MaxesTaxes

Active member
Netherlands
Hi everyone,
I saw this bird on the island of Sal in Cape Verde and am having a hard time IDing it.
Using this Wikipedia list, I've narrowed it down to these potential species:
  • Luscinia megarhynchos (common nightingale)
  • Curruca deserti (African desert warbler)
  • Iduna calligata (booted warbler)
  • Ammomanes cincturus (bar-tailed lark)
I personally find that in terms of looks, the first two are most similar. But they are both labeled as Accidental on the Wiki list, which makes me a lot more hesitant to go with those as identification. The other two I find are less good fits morphologically, but are not labeled as Accidental occurrences. Also, looking at photos online, it seems as though the nightingale and booted warbler are both mainly seen in tree branches, whereas my bird was in a very arid area with only a few small trees/bushes. The last photo gives a wider overview of what the environment I photographed these birds is like. Also, it's probably worth noting that the bird was in a small flock of 8-10 individuals. They were hopping around on the ground, most likely foraging for seeds/insects.
Hopefully someone more familiar with African passerines can help me out here! Please also tell me which features have allowed you to come to your ID, so I can understand which features are important in the identification here.
Thanks in advance,
Max
 


Well-known member
@KenM @lou salomon
thanks both! Can I please ask what features made you come to this identification?
Stout bill of a seed-eater, (not thin, like an invertebrate eater e.g a warbler), dark bar to tail end and dark tips to primaries, contrasting paler mantle to the more rufous wash of the tertials and primaries and tail.

If you Google Bar-tailed Desert Lark images, you will be able to compare with yours.

Cheers đź‘Ť
 

MaxesTaxes

Active member
Netherlands
@KenM
Ah alright those make sense, thanks a lot! And yes I did Google images of the different species, but sometimes for the inexperienced birder like myself, it's hard to determine which features are actually relevant/important.
 

KenM

Well-known member
In learning bird ID, you will find a field guide to be a million times more useful than the internet.
Yes, but if you don’t have a field guide to hand, it’s a “bloody good” alternative!
 

MaxesTaxes

Active member
Netherlands
In learning bird ID, you will find a field guide to be a million times more useful than the internet.
Yep, I've got the RSPB Pocket Guide to British Birds, and I definitely agree that it is incredibly useful and informative (the book is in a pretty poor state right now due to how often I've taken it into the field!), as well as a couple other books centered on northwest-European birds. Unfortunately they are not of much help in Cape Verde... I did see that there was a book for the birds of Cape Verde that seems good, but it is a bit too expensive for me to buy considering I only spent a week there. So in a situation like this, I'll rely on the internet, and then the lovely people here on BirdForum if I can't figure it out on my own.
 

THE_FERN

Well-known member
Yep, I've got the RSPB Pocket Guide to British Birds, and I definitely agree that it is incredibly useful and informative (the book is in a pretty poor state right now due to how often I've taken it into the field!), as well as a couple other books centered on northwest-European birds. Unfortunately they are not of much help in Cape Verde... I did see that there was a book for the birds of Cape Verde that seems good, but it is a bit too expensive for me to buy considering I only spent a week there. So in a situation like this, I'll rely on the internet, and then the lovely people here on BirdForum if I can't figure it out on my own.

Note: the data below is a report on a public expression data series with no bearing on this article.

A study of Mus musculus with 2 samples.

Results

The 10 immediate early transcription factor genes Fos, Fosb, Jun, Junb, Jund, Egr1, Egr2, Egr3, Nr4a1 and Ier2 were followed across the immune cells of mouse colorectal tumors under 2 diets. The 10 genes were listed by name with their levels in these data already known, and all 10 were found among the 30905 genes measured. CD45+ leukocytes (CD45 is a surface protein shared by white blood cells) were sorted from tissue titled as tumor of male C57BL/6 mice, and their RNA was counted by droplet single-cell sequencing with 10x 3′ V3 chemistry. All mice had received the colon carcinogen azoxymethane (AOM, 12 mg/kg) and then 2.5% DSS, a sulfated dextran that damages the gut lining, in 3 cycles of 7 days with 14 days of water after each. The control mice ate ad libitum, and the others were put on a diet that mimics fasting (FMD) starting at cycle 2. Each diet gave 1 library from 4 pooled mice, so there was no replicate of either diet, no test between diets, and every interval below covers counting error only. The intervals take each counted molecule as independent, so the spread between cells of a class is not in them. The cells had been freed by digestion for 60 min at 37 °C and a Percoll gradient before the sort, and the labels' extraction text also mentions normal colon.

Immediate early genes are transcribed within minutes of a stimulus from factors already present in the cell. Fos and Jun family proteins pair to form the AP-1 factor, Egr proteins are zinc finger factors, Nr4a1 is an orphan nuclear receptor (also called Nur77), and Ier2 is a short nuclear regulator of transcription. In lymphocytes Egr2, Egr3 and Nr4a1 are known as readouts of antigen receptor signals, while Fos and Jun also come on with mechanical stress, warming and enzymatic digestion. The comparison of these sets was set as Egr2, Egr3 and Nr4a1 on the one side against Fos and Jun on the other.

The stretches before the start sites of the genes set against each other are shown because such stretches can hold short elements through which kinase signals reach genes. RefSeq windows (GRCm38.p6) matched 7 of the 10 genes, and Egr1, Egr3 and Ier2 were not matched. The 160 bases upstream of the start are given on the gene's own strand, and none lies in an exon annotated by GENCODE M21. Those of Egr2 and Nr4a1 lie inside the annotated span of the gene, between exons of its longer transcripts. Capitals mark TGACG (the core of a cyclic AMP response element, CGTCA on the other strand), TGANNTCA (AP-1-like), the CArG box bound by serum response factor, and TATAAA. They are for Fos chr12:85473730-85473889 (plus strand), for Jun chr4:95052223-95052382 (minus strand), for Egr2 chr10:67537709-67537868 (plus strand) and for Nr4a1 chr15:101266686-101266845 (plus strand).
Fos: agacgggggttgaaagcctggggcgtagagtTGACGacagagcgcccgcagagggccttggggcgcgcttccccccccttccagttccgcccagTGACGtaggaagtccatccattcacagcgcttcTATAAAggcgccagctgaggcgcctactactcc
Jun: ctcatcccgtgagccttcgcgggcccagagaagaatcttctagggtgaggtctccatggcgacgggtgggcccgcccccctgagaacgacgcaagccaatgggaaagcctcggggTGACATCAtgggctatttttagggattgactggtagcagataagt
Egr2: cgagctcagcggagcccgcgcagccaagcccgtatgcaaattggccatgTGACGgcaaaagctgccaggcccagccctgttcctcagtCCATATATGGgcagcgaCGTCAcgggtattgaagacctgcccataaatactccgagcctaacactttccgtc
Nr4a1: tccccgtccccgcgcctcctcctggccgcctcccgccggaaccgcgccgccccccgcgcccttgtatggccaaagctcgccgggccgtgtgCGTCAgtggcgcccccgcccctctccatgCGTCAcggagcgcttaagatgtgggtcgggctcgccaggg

Meanwhile, you might consider installing the Merlin app from Cornell university. If you then install the dataset for the particular area you're visiting, you'll have a basic description of each bird, some representative songs/calls, [usually] a distribution map and the "headline" photos which you can also see on ebird pages.

Merlin's main function is to use artificial intelligence to try to identify birds. This is probably only partially successful at best. But with the area pack and by choosing to "explore birds" [main menu] you'll have the equivalent of a basic photographic field guide. A "proper" field guide with painted plates will be better, but Merlin's a useful adjunct and it's a convenient way to get a collection of sounds.
 

MaxesTaxes

Active member
Netherlands
@THE_FERN I actually have that app already, but completely forgot I did... you're absolutely right that that would have been very useful for me to use! I'll make sure to remember that better for next time.
 

Stephen Dunstan

Registered User
Yep, I've got the RSPB Pocket Guide to British Birds, and I definitely agree that it is incredibly useful and informative (the book is in a pretty poor state right now due to how often I've taken it into the field!), as well as a couple other books centered on northwest-European birds. Unfortunately they are not of much help in Cape Verde... I did see that there was a book for the birds of Cape Verde that seems good, but it is a bit too expensive for me to buy considering I only spent a week there. So in a situation like this, I'll rely on the internet, and then the lovely people here on BirdForum if I can't figure it out on my own.
There is a Facebook group run by Uwe Thom on the Birds Of Sal which contains a wealth of photographs and gives an up to date idea of what's about.